One of my best friends says that his ideal lifestyle would be to win the lottery, sign up for periodic payouts on his winnings and stop working.
It is lovely indeed to think of being free of wage/salary slavery. I asked him what he would do with his time. There was a vague idea about spending the next decade catching up on his reading with his days punctuated by a bit of fine dining…
Another friend works hard to secure her financial future. While she regularly formulates or revises a plan A and a plan B, she once told me that plan Z is to buy a lottery ticket every month.
“Imagine your ideal lifestyle” is the second rule of Marie Kondo’s Six Basic Rules for Japanese-Style Tidying Up. She goes on to suggest that one spend time imagining the kind of house one would like to have and the kind of life one would like in that house.
In “Building Peaceable Habitation” I wrote about how my husband and I took time to imagine the purpose for each room of our house, then applied that vision to carry us through the tedium of moving mountains of accumulated stuff which cluttered those rooms. We weren’t consciously following Kondo’s program, but in taking the time to consider this bigger picture, we avoided working at cross-purposes or discarding each other’s prized stuff.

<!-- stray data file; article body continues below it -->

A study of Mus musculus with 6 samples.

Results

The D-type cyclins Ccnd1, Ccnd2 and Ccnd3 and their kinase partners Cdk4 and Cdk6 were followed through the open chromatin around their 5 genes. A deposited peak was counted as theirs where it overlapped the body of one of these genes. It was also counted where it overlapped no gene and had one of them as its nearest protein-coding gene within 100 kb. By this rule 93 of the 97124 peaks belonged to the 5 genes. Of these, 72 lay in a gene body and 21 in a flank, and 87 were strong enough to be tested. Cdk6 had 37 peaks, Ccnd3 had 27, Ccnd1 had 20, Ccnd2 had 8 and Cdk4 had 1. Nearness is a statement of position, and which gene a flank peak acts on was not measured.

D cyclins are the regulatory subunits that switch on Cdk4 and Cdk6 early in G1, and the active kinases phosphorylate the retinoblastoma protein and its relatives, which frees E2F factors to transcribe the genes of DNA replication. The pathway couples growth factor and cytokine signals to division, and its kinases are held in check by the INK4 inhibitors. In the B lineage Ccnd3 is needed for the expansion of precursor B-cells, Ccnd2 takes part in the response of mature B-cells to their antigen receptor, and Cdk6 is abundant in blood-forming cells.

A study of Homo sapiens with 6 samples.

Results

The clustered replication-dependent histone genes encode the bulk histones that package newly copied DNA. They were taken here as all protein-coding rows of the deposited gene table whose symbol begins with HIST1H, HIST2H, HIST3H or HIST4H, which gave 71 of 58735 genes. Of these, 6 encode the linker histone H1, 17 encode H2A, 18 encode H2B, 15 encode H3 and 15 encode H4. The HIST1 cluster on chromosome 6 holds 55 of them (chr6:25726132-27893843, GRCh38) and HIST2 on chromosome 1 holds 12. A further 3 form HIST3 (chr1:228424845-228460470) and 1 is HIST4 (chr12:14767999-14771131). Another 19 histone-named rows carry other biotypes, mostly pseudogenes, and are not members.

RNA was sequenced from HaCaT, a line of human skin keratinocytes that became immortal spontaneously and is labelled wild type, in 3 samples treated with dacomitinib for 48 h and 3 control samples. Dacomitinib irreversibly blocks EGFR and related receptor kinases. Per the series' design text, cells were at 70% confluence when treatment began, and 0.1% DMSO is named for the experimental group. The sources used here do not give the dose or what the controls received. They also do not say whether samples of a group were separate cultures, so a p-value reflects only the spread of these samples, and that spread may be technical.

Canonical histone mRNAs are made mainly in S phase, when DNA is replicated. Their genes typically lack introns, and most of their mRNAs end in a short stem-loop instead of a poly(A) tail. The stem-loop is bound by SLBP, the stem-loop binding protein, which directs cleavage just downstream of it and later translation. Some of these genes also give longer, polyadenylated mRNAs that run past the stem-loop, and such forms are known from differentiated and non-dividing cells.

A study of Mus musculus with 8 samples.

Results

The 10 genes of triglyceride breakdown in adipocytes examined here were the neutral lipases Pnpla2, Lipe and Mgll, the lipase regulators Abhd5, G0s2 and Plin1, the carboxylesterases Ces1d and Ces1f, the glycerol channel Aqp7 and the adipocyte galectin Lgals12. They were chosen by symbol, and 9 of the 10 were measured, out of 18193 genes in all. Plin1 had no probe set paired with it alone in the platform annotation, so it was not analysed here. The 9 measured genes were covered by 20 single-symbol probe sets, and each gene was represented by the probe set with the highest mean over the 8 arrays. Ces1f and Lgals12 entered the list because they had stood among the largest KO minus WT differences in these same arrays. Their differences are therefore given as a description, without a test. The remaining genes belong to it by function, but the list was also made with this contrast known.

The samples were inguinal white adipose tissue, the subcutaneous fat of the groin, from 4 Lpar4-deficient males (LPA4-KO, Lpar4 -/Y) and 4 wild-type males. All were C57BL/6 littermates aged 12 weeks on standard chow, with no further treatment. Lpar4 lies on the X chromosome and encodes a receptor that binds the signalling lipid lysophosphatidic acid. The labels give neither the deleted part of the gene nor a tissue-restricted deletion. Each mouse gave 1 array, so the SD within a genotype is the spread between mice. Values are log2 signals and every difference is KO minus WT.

Clearing away decades of clutter from my new husband’s house was the second part of the task of building our home together.
In order to get to that part of the task, first I had to severely pare down my own pile of possessions, to make hard and fast, item-by-item decisions about what was to follow me across the Great Plains, a desert and two mountain ranges to get to our new home.
My commitment to do the decluttering was cemented to my fundamental commitment to our marriage with our accompanying decision to relocate to my husband’s house.
Space constraints, the cost of the move, and the contracted pick-up date for my stuff were huge spurs to organized action. But to make each decision about what to bring and what to leave behind I needed a clear mental picture about what my ideal retirement lifestyle would include.
It turns out that it is not just things that we leave behind, but old lifestyles.
In posts to come, I’ll bring stories about lifestyle changes, and stuff that has flowed into and out of my homes as a result. Maybe there’ll even be a practical hint or two.